Where to Get Naloxone in SLO County
Author: Health Agency
4/16/2018 2:53:43 PM
Surgeon General Jerome Adams recently issued an advisory urging people to carry naloxone, the overdose reversal medicine, if they use opioids or spend time with someone who does. Where can you get it in SLO County?
Surgeon General Jerome Adams recently issued an advisory urging people to carry naloxone. This advisory, the first national public health advisory of this kind since 2005, comes as overdose deaths continue nationally and here in SLO County.
What is naloxone?
Naloxone (also known by its brand name Narcan) is a medicine that can reverse an opioid overdose. It is non-addictive, has virtually no side effects, and has no potential for abuse as it does not produce any high effect. It is not a controlled substance. It comes in the form of a nasal spray or an injection.
Overdose occurs when opioids cause a person to stop breathing. Naloxone works by temporarily removing opioids from their receptors, allowing the person to breathe again.
"It's the second chance medicine," said Katie Grainger, lead overdose prevention educator with the County Health Agency. "Many of our neighbors, children, parents, friends and loved ones here in SLO County have naloxone to thank for being alive today. These are valuable members of our community who got a second chance—we want others to have that chance too."
Who should carry it?
Naloxone is for people who use opioids or know someone who does. Surgeon General Jerome Adams explained: "For patients currently taking high doses of opioids as prescribed for pain, individuals misusing prescription opioids, individuals using illicit opioids such as heroin or fentanyl, health care practitioners, family and friends of people who have an opioid use disorder, and community members who come into contact with people at risk for opioid overdose, knowing how to use naloxone and keeping it within reach can save a life."
This may also include people who use non-opioid illicit substances (such as stimulants), due to the increase of fentanyl found in a range of substances across California. Fentanyl is an opioid that can be deadly in very small doses.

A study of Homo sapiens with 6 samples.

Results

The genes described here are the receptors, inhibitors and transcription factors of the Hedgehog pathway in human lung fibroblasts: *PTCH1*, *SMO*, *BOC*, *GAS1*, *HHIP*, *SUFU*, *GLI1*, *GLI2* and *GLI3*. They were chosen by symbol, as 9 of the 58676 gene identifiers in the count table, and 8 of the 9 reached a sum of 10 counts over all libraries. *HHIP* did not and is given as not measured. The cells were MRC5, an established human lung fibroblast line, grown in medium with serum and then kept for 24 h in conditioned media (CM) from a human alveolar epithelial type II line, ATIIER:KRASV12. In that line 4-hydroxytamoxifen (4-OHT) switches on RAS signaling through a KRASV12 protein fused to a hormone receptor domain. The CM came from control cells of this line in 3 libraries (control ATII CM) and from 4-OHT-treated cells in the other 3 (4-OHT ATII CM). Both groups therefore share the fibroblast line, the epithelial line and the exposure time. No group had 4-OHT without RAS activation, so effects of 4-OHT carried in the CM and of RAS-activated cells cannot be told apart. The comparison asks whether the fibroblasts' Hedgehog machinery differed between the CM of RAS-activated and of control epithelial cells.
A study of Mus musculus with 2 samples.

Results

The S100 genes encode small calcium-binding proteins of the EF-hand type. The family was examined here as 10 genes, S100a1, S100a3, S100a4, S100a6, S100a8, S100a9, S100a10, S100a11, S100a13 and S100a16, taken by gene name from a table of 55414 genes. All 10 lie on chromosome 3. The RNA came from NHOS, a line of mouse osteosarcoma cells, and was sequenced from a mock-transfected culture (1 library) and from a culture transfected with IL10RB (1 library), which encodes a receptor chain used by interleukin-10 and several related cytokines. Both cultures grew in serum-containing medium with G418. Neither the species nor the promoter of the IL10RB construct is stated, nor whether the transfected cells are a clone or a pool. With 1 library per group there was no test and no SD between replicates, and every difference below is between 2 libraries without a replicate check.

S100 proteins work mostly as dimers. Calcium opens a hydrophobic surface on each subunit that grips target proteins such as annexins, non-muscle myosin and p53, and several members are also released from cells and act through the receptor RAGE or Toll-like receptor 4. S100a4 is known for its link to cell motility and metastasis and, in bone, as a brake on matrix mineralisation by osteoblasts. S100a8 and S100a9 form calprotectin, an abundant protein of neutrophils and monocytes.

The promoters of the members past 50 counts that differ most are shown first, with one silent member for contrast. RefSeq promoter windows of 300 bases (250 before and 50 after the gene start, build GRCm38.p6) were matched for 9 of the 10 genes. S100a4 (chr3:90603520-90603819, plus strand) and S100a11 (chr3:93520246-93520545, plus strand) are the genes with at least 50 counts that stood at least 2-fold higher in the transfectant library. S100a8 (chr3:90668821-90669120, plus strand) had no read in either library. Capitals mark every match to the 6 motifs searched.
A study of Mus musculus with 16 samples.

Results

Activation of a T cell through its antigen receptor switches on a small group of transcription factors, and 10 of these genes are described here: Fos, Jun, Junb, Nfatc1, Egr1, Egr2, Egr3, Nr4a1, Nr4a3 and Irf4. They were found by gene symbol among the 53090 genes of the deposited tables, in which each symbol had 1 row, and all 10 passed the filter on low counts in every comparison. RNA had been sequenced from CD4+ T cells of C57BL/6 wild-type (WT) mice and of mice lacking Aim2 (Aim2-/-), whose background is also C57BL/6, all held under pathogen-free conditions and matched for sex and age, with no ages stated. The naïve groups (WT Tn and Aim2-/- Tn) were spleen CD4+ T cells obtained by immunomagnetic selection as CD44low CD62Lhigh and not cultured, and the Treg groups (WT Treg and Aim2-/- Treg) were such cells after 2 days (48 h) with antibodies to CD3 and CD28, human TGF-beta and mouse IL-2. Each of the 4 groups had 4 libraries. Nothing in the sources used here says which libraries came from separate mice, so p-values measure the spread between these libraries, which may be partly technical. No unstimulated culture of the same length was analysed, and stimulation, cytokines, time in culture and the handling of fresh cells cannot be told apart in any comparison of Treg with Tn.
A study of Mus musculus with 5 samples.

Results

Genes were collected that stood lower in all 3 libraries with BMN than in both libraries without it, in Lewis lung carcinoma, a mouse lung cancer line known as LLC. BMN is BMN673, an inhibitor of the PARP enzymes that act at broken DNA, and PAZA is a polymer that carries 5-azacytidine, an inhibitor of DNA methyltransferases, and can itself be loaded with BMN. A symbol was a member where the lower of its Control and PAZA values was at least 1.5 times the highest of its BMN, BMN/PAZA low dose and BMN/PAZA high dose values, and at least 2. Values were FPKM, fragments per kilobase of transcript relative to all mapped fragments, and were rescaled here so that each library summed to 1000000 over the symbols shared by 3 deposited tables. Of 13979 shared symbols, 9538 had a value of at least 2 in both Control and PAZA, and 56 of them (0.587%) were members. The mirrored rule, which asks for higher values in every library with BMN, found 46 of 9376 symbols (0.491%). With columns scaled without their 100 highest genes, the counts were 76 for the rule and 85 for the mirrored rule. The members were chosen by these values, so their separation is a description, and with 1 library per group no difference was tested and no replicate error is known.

Grainger puts it this way: "If you or someone you care about is at risk of an overdose, please carry naloxone. It’s like having a fire extinguisher at the house. You may not need it, but it’s better to have it in case of an emergency."
Where can you get it in SLO County?
Naloxone is available at no cost or low cost at locations countywide, including confidential or anonymous settings. It is fully covered (free) with Medi-Cal and is covered fully or in part by most insurance. It is available for people who use opioids for any reason and for those who know someone who does. Options include:
Certain pharmacy locations dispense naloxone from the pharmacist without a prescription. Please ask to speak to the pharmacist about acquiring the medication.
- CVS SLO Target – 11990 Los Osos Valley Road
- CVS SLO Downtown – 717 Marsh Street
- CVS Arroyo Grande – 1435 E. Grand Avenue
- CVS Nipomo – 610 W Tefft Street
- CVS Paso Robles – 187 Niblick Road
- Walgreens in Atascadero and Santa Maria
- Cayucos Pharmacy – 72 S Ocean Avenue
- En Soleil Pharmacy in Atascadero
No Insurance, No Problem
The nonprofit SLO Bangers Syringe Exchange and Overdose Prevention Program provides both the nasal spray and injection forms of naloxone without a prescription, at no cost, and in a confidential setting. Call 805-458-0123 to learn more, or stop by Wednesdays from 5:30-8:30 p.m. at 2191 Johnson Ave. Participants in this program have reported 75 overdose reversals in the past six months.
Plus: This year for the first time, naloxone will be available at National Rx Drug Take-Back Day on Saturday, April 28 at locations across the county.
What about treatment and recovery?
The County Drug & Alcohol Services team offers services to support recovery and can also help connect residents with other treatment programs. To learn more, visit Drug & Alcohol Services or call 800-838-1381.
What else can I do to help end opioid abuse here in SLO County?
You're invited to be part of the SLO Opioid Safety Coalition to help end opioid misuse here in SLO County.
This group is driven by a diverse coalition of community members, including the County Behavioral Health and Public Health departments, law enforcement, physicians, pharmacists, treatment professionals, educators, community members, people in recovery and others. Since January 2016, this group has worked together on practical steps to address the opioid epidemic on the Central Coast. The coalition works in five action teams:
- Safe Prescribing and Health Care
- Naloxone: Overdose Antidote
- Medication Assisted Treatment
- Data Collection and Monitoring
- Community Prevention and First Responders
There is much work ahead, and many opportunities to contribute based on your interest and availability. Learn more and get involved at opioidsafetyslo.org.
What else did the Surgeon General say?
Read Surgeon General Jerome Adams' full statement and see related resources at www.surgeongeneral.gov.